The practice of diagnostic radiography involves the use of sophisticated equipment and techniques to produce medical images of the human body. Restructured hospitals in Singapore and hospitals around the world rely on Barco’s Coronis Fusion 6MP solution to display these images. The Singapore Institute of Technology (SIT), Singapore’s university of applied learning, decided to offer its Diagnostic Radiography students the same technology. Familiarising them with the abilities of the display systems from early on ensures a higher standard of performance in their studies and real-world situations.
The Diagnostic Radiography programme at the Singapore Institute of Technology is designed to prepare students to capture, investigate and examine different radiographic images in a professional environment. What is the best way to do this? By familiarising them with the equipment they will encounter when they leave the classroom.
With 150 Barco Coronis Fusion 6MP monitors spread across hospitals throughout Singapore, it was understandable that Asst Prof Eric Chua, Programme Director, Diagnostic Radiography and Radiation Therapy at the Singapore Institute of Technology decided to make them available to students radiographers at the university.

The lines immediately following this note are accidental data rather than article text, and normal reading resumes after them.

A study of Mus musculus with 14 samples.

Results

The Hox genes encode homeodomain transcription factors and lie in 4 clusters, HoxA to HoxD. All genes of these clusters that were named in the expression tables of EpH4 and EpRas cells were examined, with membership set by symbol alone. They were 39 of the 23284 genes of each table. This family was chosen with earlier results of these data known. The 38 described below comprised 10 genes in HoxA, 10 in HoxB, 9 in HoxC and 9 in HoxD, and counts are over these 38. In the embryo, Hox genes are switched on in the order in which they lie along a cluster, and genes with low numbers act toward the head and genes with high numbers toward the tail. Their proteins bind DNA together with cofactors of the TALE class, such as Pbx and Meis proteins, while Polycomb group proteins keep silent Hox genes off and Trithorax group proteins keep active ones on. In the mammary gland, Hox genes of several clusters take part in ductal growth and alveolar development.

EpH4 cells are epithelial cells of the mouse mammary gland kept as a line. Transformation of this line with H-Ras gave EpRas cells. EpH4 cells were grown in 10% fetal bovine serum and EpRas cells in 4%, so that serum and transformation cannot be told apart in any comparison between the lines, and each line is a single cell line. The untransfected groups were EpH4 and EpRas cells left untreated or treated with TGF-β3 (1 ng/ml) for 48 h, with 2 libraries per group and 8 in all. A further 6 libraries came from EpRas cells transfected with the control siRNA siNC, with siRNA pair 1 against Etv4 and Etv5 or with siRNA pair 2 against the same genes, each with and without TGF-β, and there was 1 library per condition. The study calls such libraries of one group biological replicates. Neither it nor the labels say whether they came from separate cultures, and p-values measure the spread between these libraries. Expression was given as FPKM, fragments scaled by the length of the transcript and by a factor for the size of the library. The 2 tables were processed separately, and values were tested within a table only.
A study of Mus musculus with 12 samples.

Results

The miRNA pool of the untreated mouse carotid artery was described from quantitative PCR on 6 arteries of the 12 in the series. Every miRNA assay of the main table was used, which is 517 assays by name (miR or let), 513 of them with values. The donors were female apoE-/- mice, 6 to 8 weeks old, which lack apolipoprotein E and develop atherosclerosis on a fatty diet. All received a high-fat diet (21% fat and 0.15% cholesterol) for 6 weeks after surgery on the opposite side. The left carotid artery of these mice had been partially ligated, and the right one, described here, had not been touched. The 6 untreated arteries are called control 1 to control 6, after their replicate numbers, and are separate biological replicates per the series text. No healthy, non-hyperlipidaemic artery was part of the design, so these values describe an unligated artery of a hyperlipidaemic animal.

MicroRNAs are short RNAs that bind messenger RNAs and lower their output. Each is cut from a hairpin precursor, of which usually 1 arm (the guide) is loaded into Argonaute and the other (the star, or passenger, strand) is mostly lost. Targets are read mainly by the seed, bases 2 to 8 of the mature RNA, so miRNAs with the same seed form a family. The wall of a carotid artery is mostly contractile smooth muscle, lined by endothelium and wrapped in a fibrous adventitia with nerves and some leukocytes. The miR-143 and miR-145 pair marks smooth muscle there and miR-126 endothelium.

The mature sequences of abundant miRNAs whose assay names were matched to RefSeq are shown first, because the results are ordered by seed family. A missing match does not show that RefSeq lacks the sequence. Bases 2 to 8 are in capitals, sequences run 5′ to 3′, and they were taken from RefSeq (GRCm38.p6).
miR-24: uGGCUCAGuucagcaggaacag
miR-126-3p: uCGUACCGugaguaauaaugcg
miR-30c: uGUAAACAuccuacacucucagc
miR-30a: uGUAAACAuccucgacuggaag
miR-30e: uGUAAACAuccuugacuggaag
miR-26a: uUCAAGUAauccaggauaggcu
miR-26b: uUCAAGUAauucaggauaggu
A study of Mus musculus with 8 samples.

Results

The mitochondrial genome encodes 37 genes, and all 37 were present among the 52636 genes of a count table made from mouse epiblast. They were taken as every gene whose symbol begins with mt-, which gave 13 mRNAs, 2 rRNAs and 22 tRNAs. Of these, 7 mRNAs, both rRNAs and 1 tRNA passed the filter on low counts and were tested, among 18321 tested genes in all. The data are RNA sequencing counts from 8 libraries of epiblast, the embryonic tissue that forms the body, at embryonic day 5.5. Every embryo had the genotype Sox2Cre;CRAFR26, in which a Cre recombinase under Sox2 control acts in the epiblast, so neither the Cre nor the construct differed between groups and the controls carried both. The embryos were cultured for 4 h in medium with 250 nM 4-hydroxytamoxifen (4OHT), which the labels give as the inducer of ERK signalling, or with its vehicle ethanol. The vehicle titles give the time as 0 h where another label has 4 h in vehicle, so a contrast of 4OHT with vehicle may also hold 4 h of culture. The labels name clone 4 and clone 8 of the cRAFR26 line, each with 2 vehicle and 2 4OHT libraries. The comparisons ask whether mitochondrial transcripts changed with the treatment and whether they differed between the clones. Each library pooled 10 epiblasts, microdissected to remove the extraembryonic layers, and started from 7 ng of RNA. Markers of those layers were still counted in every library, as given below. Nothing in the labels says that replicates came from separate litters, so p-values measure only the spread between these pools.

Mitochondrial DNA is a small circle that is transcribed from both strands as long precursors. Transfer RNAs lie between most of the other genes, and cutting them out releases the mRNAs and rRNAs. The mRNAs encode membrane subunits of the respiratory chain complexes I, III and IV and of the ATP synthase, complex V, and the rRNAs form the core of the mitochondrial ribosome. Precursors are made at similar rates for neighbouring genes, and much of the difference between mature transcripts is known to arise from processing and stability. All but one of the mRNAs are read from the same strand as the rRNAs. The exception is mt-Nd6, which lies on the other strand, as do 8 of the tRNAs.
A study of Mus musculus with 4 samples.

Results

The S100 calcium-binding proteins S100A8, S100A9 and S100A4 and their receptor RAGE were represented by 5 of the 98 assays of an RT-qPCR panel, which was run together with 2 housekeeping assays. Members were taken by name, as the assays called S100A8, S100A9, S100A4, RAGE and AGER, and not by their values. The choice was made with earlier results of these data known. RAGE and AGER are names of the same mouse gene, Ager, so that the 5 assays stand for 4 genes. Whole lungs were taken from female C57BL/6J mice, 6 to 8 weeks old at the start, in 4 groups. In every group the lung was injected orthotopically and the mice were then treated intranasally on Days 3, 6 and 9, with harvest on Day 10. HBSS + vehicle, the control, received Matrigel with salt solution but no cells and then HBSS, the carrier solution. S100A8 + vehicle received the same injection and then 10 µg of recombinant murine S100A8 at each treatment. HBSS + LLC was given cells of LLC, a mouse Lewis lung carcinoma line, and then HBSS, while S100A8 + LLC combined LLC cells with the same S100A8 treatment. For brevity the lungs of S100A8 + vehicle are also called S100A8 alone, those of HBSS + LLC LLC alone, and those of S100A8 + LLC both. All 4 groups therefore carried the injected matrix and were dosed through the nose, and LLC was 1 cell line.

The display offers excellent image uniformity with colour correction at the level of the pixel. And it’s possible to focus the light on specific lesions or abnormalities. This is the kind of attention to detail that is vital in imaging.
The Coronis Fusion 6MP is also fitted with MediCal QAWeb. This cloud-based technology automatically calibrates the display to ensure it is running in line with Quality Assurance requirements. Readings from front-of-screen, backlight, ambient light and temperature sensors are used to calibrate the monitor to ensure optimal image quality at all times.
Size does matter
The size of the Coronis Fusion 6MP monitor was also important. Being able to examine an image without panning or zooming is just as important in the classroom as in a hospital. It reduces strain on the eye and makes it easier to investigate tiny details that may prove vitally important.’